What makes a Creative Director effective?

Al Pirozzoli

It’s more than just making something look good, word good or sound good. It’s about getting the message right for the intended audience; to assure it conveys the intellectual and emotional appeals that connect. As a creative director, I think of ways to improve on existing material as well as creating new material. I come up with new ideas to make marketing messages more appealing.

Being the creative director differs from other creative roles in the sense that you have much more of an impetus on making sure things are right. Some ideas probably do look great and maybe seem on point, but they may not be the best client solution. I love creating work that’s fresh and visually stimulating, but I still need to make sure that you’re your company’s value differences (based on my MAPP©) are coming across.

There’s no such thing as a typical day as a creative director. This morning I could be working with a writer or art director to flesh out a final “Pow!” Early afternoon I might be working with the client on the overall approach, and tonight I might be out with a camera capturing unique images for stimulation. But all the time is intended to support amazing advertising and effective marketing for clients. That means taking the lead on a project for its duration and checking everything against what the MAPP determined the target audience wants. Creative directors should spend a lot of time asking questions and listening. It’s the only way of truly understanding what a client’s issues are.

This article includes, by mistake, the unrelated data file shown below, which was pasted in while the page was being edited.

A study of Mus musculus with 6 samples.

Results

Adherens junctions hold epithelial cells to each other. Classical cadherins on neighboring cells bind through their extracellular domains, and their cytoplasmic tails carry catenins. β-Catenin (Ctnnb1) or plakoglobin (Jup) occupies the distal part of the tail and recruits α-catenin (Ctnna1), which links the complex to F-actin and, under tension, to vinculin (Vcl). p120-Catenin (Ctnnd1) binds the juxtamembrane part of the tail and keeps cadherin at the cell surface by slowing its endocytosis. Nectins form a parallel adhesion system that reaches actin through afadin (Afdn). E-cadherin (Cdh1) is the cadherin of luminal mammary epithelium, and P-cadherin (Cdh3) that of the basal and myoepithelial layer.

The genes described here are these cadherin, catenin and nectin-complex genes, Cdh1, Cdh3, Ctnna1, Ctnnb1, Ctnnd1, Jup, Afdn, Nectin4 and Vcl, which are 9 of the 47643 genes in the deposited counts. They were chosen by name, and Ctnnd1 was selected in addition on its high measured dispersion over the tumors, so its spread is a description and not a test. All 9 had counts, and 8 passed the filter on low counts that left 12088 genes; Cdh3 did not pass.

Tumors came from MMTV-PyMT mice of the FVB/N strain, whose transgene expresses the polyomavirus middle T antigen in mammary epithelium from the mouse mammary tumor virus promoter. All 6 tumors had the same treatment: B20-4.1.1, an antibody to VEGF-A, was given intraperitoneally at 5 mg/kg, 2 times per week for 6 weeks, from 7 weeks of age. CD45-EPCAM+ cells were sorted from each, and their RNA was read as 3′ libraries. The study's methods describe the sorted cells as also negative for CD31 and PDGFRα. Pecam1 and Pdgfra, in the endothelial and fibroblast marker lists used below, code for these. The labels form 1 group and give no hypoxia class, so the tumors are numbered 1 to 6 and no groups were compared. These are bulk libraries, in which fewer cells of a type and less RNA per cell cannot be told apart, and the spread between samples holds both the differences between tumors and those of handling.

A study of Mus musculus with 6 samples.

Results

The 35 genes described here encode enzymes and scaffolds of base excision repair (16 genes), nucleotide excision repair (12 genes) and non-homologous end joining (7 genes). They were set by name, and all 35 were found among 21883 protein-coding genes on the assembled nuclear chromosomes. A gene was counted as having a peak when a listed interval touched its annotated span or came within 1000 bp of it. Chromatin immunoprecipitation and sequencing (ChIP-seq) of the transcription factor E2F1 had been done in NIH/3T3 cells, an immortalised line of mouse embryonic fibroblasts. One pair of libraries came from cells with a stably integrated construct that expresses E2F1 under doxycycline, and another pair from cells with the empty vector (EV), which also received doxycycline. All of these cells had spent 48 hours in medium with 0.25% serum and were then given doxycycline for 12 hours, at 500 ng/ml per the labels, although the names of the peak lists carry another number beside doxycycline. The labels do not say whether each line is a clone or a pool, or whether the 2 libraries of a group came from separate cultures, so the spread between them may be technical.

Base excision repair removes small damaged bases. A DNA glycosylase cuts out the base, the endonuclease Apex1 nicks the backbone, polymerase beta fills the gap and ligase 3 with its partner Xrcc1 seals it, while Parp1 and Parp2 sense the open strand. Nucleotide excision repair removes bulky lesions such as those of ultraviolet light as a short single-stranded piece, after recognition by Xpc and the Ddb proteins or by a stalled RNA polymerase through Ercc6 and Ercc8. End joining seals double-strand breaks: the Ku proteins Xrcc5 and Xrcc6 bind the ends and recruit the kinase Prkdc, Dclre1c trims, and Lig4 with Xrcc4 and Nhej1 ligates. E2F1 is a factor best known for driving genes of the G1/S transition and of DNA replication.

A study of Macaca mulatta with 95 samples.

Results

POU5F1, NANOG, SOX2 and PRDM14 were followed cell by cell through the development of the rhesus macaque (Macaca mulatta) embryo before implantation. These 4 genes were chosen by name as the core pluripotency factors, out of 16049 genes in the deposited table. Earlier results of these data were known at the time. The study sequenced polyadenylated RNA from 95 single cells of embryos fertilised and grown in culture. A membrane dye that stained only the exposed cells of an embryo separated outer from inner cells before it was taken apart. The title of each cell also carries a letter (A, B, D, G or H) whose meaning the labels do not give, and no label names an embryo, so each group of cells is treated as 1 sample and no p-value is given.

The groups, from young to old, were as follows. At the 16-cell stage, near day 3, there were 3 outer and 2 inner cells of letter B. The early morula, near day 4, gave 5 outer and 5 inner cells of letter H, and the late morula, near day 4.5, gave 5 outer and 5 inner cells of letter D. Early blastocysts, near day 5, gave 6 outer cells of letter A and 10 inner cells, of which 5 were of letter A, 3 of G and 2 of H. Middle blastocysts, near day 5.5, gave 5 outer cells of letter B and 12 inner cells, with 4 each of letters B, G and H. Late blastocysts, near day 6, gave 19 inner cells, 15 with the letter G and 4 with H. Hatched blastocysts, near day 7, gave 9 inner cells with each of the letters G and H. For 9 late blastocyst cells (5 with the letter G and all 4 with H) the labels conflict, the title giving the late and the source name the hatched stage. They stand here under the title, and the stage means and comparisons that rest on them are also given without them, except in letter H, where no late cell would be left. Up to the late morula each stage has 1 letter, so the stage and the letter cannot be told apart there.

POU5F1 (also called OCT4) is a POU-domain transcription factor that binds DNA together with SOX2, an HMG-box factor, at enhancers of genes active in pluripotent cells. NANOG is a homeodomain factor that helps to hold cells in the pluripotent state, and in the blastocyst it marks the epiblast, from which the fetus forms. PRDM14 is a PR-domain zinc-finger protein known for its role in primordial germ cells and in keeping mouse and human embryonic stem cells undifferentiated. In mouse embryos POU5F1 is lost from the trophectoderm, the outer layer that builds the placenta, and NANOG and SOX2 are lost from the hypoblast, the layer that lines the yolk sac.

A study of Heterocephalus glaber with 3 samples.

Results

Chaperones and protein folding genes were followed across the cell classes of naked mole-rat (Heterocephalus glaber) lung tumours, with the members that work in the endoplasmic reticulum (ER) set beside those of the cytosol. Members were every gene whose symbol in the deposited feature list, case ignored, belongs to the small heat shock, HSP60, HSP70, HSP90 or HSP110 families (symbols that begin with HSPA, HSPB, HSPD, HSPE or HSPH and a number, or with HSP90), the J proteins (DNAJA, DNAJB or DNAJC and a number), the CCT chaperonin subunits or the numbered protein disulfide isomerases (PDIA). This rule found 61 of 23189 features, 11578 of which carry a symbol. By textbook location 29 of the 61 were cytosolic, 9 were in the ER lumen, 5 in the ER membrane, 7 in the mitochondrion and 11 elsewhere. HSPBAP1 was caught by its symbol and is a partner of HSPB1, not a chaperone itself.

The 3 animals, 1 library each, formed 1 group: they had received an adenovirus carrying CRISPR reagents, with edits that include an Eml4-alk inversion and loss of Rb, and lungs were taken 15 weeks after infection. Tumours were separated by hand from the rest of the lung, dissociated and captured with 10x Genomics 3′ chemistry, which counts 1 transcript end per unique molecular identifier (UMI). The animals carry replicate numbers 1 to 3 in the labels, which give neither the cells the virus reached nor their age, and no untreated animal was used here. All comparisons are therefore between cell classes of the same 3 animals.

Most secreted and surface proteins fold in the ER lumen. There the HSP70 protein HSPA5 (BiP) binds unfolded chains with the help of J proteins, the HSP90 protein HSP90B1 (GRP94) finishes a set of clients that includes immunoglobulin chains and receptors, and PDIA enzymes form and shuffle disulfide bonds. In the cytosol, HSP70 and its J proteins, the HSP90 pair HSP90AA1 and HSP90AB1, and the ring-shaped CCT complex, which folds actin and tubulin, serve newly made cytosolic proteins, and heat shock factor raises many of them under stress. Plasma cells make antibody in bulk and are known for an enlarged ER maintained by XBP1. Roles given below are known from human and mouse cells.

Maintaining good peripheral vision is also a must. I need to know what’s going on in the world, with competitors, trends and so on. You have to be curious and have at least some familiarity with things outside your immediate scope. In short, you need to be a human sponge.

Perhaps at the top of the list is all about “belief.” Sold-out belief in what you are presenting to a client. There’s nothing worse than seeing a project being presented by someone who doesn’t really get it or understand it or is only going through the motions. If the person presenting doesn’t believe in the work being presented, there is no reason for the audience to care. This is why when I worked as a creative director in agencies I determined to present my work (and my team’s work) to the client. That, of course, didn’t always sit well with the account executives, but hey, who better to present the work than those who did it!

Having said that, if I ever work with you, I will present creative solutions that I am convinced will work because they are based on the results of the MAPP. If I show you 5 conceptual ways to handle a theme, I don’t include “throw-away” ideas to play it safe by giving you something to reject. Believe me; many presentations do just that as a form of psychology. Supposedly it gives the client some sense of power to reject something thereby not making the process seem like they are automatically in agreement. That is a waste of everyone’s time. If there’s no trust and respect then both parties will fail to reach the superb results that are required. As a creative director I pick my fights very carefully, but make a stand for the work.

Finally, I have to consistently nourish and develop my creative intuition. It means saturating in what makes prospects love the way things attract them, and connect with them.

About the Author Al Pirozzoli

Al Pirozzoli is the owner and creative director of Pirozzoli Marketing based in Connecticut.